How AWS will own you through serverless computing

Billions of dollars invested in servers and software for serverless computing have given AWS 70 percent of the market—and the platform on which enterprise applications run

Why AWS will own you through serverless computing
Pete Linforth (CC0)

If you could spend $1 to make $10, you’d do it, right? By the same token, if you could spend $9 billion to make $90 billion, you’d do that, too, right? With hundreds of billions at stake in cloud computing, and winner-takes-most economics in play, Amazon Web Services, Microsoft, and Google spent $35 billion last year—and roughly $10 billion in the first quarter of 2018—to earn the right to take home multiples of that later. “The cloud isn’t cheap,” rightly reasons Geekwire’s Tom Krazit.

Failure in cloud, however, is much more expensive. Given the rise of serverless computing, it’s getting ever more costly, with some signs that AWS could turn its early lead into long-term dominance.

What all that cloud infrastructure money buys

As cloud pundit Bernard Golden highlights, the copious quantities of cash that AWS, Microsoft, and Google are plowing into datacenters reflects the magnitude of the payoff for winning: “This investment pattern reflects the realities of the cloud computing market: It’s a platform-based industry with enormous network effects that requires sufficient capacity to support exploding, spiky demand—much of which can emanate from geographies that require local infrastructure. That’s a recipe for needing to plow huge amounts of money into the business.”

We’re not talking about a few billion dollars up for grabs. We’re talking about hundreds of billions in play, as the future of enterprise computing gets defined today.

For those that remember how the search wars were won (and lost), capital expense (capex) was a big component. Google not only had the best algorithms, it also invested the most to ensure it had adequate capacity, as Expedia engineering executive Subbu Allamaraju stresses. Going cheap on capex turns out to be really expensive.

AWS is poised to dominate serverless computing

One of the more potent avenues for reaping a return on these investments is serverless, precisely because it locks enterprises more deeply into their respective clouds. As evidenced from the huge capex investments, “serverless” is a misnomer: Scads of servers sit behind services like AWS Lambda. Such serverless functions invite enterprises to write business logic atop the server infrastructure provided by the big three cloud vendors.

Getting serverless right, from the vendor perspective, involves billions in both hardware and software innovation. AWS, Microsoft, and Google are spending those billions; everyone else is toast.

But even among these big-spending cloud behemoths, AWS stands out. With its two-year head start and its relentless focus on helping enterprises to adopt this new computing paradigm early and often, AWS has the broadest, deepest array of serverless functions to choose from, all working together to improve enterprise productivity—and dependence on AWS.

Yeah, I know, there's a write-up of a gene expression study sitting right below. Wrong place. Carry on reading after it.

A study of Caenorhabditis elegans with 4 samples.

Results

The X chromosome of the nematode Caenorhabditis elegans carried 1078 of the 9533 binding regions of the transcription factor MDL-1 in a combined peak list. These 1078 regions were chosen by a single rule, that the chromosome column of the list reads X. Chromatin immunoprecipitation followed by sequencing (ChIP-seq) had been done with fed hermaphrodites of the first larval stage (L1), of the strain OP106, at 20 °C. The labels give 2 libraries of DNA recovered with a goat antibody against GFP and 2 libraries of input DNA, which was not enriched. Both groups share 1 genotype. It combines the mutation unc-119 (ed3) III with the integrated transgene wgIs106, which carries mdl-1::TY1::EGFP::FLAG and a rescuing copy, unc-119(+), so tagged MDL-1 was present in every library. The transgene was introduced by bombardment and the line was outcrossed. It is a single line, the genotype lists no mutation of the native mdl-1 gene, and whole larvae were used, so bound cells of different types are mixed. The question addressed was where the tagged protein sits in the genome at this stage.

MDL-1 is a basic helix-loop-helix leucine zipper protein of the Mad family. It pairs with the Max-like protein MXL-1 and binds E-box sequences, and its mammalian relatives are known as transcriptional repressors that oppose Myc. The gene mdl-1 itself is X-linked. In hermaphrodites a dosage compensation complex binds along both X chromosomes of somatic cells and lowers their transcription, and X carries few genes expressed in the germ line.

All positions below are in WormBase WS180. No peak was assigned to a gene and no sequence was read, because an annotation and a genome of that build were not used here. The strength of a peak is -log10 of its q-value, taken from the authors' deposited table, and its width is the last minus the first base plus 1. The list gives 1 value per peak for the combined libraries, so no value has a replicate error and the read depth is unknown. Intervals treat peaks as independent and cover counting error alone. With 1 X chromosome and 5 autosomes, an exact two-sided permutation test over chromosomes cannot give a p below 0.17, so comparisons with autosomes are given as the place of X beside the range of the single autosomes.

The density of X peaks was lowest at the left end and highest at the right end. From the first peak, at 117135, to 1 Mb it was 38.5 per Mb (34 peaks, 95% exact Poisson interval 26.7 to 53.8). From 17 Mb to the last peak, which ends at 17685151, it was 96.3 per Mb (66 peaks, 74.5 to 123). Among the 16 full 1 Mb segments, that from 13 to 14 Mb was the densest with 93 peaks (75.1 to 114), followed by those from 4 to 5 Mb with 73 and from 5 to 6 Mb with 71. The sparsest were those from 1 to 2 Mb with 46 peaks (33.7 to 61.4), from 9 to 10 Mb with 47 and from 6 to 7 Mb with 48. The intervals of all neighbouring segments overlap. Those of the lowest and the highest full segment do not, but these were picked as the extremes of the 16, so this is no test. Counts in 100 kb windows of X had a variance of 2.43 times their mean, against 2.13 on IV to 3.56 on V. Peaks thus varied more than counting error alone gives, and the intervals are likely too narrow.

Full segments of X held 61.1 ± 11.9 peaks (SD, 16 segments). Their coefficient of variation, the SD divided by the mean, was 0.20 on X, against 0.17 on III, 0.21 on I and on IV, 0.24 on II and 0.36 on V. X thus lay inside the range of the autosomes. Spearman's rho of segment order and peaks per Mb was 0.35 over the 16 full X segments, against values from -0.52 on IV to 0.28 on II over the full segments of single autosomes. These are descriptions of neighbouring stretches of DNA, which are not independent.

It’s not nefarious; AWS’s approach is breeding willing dependence on Amazon to take the brunt of infrastructure innovation so that enterprises can focus on business logic innovation.

So far, it’s working, and it’s keeping all competitors at bay. The Cloud Native Computing Foundation’s survey data suggests that AWS Lambda owns 70 percent of the burgeoning serverless market, prompting industry observer Simon Wardley to note: “Let me translate that for you. Amazon is currently positioned to own 70 percent of the future of all software.”

If that causes you to do a double take, Wardley makes it clearer: “As Amazon’s serverless ecosystem grows, the more metadata it can mine, the faster its rates of innovation, customer focus, and efficiency. Once it gets to around 2 percent of the market then it’s game over for all those not playing at scale.” You can quibble with that 2 percent threshold but not with the idea of a serverless virtuous cycle of data, scale efficiencies, and customer lockin is harder to challenge.

On that last point, AWS doesn’t think of it that way, of course, but AWS Lambda is becoming more like an operating system than anything else. As AWS’s Jeff Barr describes, “People started to think of [AWS Lambda] as this nervous system they could connect up to the incoming flow of data into S3, to message queues, and to notifications that are wired into different parts of the AWS infrastructure.”

Happy as developers were to assemble their infrastructure from AWS’s broad menu of services, serverless computing makes it even easier by hiding the complexity. As companies embrace this convenience boost, they give up a little latitude to move to rival clouds or back to their own datacenter.

Copyright © 2018 IDG Communications, Inc.